Australian opposition pledges refugee savings
Associated Press in Canberra
The Australian opposition pledged on Saturday to slash the amount of money the government spends on legal assistance for asylum seekers if it wins national elections next week.
The soaring costs for taxpayers of an increasing number of asylum seekers reaching Australian shores by boat is a hot-button issue ahead of the elections on September 7.
Opposition immigration spokesman Scott Morrison announced on Saturday that he expects savings of $A100 million (or US$89 million) over four years by scrapping a government policy of providing free lawyers and migration agents to advise refugee seekers on lodging asylum claims and appealing rejections of the claims.
“There is no provision under the [United Nations] Refugee Convention which compels a country such as Australia to provide taxpayer-funded advice in these situations,” Morrison said.
Another opposition spokesman, George Brandis, said a conservative government would give priority to providing Australian citizens with free legal advice rather than asylum seekers.
Sarah Hanson-Young, immigration spokeswoman for the minor Greens party, said the aid is needed because many refugee claims denied by the Department of Immigration and Citizenship (DIAC) were overturned on appeal.
“It’s clear that DIAC assessors make mistakes in their first assessments and if the coalition’s cruel cuts get up then we may be sending people back to their deaths,” she said in a statement.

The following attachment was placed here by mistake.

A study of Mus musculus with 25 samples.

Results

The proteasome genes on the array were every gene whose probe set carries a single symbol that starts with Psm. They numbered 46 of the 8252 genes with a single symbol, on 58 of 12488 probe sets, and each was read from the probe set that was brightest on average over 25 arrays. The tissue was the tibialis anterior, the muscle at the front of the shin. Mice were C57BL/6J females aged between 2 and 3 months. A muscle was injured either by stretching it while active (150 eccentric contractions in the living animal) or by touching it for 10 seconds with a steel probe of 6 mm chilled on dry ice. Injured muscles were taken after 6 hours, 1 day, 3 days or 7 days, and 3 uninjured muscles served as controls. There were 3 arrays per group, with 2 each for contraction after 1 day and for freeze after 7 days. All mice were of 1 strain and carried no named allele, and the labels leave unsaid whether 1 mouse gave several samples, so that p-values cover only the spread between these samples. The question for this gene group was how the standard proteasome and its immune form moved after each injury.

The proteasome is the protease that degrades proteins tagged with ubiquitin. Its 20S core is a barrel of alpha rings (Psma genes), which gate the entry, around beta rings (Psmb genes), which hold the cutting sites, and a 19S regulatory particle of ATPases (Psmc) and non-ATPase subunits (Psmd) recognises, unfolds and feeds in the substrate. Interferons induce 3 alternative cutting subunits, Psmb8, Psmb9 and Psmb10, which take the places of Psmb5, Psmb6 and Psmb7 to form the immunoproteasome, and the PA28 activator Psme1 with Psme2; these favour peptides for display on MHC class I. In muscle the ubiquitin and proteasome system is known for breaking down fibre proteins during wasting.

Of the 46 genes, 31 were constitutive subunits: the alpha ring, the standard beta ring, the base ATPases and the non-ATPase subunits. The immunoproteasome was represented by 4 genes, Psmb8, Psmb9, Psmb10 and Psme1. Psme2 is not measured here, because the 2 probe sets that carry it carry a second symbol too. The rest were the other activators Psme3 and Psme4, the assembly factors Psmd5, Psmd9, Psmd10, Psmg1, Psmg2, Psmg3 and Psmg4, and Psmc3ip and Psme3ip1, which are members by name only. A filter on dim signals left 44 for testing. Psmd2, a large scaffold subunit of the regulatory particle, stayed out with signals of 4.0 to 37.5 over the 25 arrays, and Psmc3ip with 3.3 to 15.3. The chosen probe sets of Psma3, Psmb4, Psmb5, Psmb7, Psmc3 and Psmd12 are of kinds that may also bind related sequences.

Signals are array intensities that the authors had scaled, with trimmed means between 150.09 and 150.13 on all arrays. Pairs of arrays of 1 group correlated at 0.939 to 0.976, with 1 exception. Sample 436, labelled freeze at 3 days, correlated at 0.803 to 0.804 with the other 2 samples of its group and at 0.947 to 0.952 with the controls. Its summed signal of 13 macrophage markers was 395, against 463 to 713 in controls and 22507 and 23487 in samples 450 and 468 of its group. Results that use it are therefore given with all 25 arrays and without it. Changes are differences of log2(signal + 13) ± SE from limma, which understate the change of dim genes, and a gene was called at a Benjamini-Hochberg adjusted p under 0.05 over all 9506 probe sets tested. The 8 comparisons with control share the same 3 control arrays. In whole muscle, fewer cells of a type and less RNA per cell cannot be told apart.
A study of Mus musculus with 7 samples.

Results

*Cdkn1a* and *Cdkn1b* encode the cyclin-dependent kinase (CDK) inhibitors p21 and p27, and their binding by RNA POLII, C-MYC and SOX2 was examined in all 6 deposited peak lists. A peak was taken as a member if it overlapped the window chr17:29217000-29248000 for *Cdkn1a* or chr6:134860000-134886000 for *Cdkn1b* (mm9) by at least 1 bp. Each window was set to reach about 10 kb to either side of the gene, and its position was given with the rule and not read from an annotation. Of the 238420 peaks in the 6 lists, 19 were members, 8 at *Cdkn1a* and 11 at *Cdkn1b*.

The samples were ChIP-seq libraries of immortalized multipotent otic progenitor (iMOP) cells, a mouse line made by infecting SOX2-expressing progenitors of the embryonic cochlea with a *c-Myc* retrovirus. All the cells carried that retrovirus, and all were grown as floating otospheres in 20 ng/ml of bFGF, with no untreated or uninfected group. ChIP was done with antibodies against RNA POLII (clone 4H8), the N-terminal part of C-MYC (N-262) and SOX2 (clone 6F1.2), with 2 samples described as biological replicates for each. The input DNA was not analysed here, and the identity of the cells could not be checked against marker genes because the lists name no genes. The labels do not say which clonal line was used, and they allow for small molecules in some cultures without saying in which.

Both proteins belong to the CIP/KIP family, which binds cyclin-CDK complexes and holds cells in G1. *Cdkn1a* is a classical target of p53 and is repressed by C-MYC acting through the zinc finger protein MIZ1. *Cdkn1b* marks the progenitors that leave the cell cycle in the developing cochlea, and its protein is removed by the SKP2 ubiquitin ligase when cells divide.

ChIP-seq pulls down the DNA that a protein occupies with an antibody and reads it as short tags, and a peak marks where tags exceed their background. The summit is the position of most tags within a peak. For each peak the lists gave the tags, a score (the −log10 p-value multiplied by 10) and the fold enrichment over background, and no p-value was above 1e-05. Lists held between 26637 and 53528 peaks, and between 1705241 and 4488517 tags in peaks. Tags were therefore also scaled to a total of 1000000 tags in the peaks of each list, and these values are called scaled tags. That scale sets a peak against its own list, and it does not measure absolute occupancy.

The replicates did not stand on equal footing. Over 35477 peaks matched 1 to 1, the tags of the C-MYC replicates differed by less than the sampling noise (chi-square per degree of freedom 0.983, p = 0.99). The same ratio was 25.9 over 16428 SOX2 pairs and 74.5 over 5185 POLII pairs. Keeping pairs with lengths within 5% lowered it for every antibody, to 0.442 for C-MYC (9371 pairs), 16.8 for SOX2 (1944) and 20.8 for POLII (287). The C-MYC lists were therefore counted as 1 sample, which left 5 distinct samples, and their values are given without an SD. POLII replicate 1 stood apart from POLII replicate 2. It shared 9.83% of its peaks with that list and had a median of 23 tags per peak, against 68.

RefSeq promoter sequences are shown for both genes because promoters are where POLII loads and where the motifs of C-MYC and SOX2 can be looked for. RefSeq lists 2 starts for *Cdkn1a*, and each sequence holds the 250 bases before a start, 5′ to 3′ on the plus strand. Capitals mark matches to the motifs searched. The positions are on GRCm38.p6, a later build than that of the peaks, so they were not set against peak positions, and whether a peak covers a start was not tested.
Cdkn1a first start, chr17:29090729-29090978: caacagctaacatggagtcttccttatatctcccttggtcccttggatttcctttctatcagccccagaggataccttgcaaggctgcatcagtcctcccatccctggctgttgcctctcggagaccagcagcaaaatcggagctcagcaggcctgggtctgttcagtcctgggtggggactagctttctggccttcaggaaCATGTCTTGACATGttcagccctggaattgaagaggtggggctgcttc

The conservative opposition, which is tipped to win the election, and the centre-left Labor Party government are proposing different policies to stop the influx of boats.
The opposition last week promised to buy old Indonesian fishing boats in a bid to prevent them from falling into the hands of people smugglers. The smugglers charge up to US$10,000 per passenger to bring asylum seekers from Iran, Afghanistan, Pakistan, Sri Lanka and Vietnam from Indonesian ports to Australia.
Morrison won’t say how many boats a conservative government would buy or how much would be paid.
But with an estimated 750,000 fishing boats in the Indonesian archipelago, Prime Minister Kevin Rudd dismissed the boat-buying scheme as a waste of money.
Rudd has pledged that every refugee who has arrived by boat in Australian waters since July 19 will be resettled on the impoverished Pacific island nations of Papua New Guinea or Nauru.
The opposition has said it would attempt to deter new arrivals by introducing temporary protection visas which would allow refugees to be sent back to their homelands years later if circumstances improve.
Rights groups have criticized both sides of political grandstanding for toughening their policies toward asylum seekers.